Last spring, my wife and youngest daughter and I spent a week in California. We were reminded of the extraordinary natural wealth and beauty that were showered on that uniquely blessed state. For a century or so, guided by brilliant private sector leadership, California was a beacon to the world, a land of opportunity such as never had existed in human history. Unimaginable wealth was created. Yet it required only 40 years of liberal governance to bring the whole thing crashing down.

Today, California is the most spectacular failure of our time. Its government is broke. Productive citizens have been fleeing for some years now, selling their homes at inflated prices (until recently) and moving to Colorado, Arizona, Texas and even Minnesota, like one of my neighbors. The results of California’s improvident liberalism have been tragically easy to predict: absurd public sector wage and benefit packages, a declining tax base, surging welfare enrollment, falling economic production, ever-increasing deficits. Soon, California politicians will be looking to less glamorous states for bailout money. Things have now devolved to the point where California leads the nation in poverty:

The Golden State’s poverty rate is a whopping 23.5 percent – higher than the District of Columbia, at 23.2 percent, and even Florida, and 19.5 percent.

This is based on the federal government’s new poverty measure, and California suffered a bit because of its high cost of living, but that is a minor point–by any measure, California is number one in destitution. The cause is obvious: liberal Democrats have held unimpeded sway in California, just as they have in Detroit, Illinois, Miami, the District, and so on. Everywhere, the results have been similar. Where liberal policies are implemented, productive citizens fade away and poverty follows.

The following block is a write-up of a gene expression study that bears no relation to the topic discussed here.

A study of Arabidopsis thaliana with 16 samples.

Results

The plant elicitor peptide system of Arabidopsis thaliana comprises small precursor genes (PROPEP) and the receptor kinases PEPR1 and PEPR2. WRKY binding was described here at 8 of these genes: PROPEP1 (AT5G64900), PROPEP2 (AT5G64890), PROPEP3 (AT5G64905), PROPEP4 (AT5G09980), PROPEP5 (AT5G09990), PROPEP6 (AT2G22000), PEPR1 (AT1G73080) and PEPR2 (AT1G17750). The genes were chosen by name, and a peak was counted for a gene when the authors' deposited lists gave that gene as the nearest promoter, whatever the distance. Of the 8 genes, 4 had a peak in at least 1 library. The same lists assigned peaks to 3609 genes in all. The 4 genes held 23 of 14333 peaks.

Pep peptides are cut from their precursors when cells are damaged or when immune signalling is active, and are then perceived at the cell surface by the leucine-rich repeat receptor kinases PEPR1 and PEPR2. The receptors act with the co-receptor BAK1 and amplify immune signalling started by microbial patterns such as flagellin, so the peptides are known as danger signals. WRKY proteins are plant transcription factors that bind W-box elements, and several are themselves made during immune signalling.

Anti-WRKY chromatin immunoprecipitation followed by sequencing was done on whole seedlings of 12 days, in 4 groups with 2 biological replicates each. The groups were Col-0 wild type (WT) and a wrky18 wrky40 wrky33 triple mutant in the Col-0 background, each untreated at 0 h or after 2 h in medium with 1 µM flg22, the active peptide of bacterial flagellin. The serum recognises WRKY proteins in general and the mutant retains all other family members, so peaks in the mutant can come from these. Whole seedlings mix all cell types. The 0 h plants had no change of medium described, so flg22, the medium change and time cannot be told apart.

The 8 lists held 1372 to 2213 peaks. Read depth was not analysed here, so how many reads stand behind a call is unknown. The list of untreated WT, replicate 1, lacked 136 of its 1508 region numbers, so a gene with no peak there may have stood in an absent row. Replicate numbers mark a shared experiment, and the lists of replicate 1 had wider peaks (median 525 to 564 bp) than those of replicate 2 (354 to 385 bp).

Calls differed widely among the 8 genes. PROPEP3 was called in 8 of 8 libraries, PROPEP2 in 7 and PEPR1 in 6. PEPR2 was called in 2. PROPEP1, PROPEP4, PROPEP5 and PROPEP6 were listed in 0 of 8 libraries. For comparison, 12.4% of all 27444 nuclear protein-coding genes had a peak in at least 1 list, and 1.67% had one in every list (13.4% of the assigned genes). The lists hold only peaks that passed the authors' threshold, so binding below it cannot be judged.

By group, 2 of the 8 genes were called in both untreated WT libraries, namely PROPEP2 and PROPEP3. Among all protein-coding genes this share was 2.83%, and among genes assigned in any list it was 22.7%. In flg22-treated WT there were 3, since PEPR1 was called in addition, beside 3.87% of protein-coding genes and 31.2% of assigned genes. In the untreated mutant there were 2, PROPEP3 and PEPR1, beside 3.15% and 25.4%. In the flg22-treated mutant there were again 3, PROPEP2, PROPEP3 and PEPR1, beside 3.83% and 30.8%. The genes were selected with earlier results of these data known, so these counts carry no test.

Sure, there are still a few rich people in California; the rich are always best able to withstand the ravages of leftism, for a time. But California now appears to be in a death spiral, and the consequences will be devastating, not just to Californians, but to the rest of us who will be called on to pick up the tab, once again, for failed liberalism.

STEVE adds: Well how could I not comment?  This is my home turf John is dissing.  Except that everything he has to say is correct–times two. The only reason I could even conceive of returning to my home state recently was that I still owned an old family home here on the coast, which, because of Proposition 13, has very low property taxes.  Not sure I will stay, however, if the state keeps raising taxes even more, and building high speed trains to nowhere instead of patching up the roads human beings actually use.

One of the most striking things about coming back to California after 10 years living away is that the sense of the state’s failure is so evident to everyone.  Even people I know with successful, prosperous businesses are pessimistic and sour these days, which is a definite change from just 10 or 15 years ago.  If California’s entrepreneurial class is in a funk, it will be hard to pull out of the current death spiral.  (For what it’s worth, I’m currently employed chiefly in Ohio–a fact made possible only by that Al Gore California invention, the Internet.)

California has what economists call “exploitable asymmetries,” which is fancy-talk for saying that the state’s magnificent climate and beauty will make people willing to pay more for the luxury of living and working here–more than, say, Arkansas or Oklahoma, which would both empty out overnight if they tried to impose California’s high taxes and regulatory regime.  But the liberal kleptocracy ruling the state today has gone too far.  Adopting a Mediterranean fiscal policy to go with the state’s Mediterranean climate is not a recipe for long term success.  And we can’t get the European central bank to bail us out.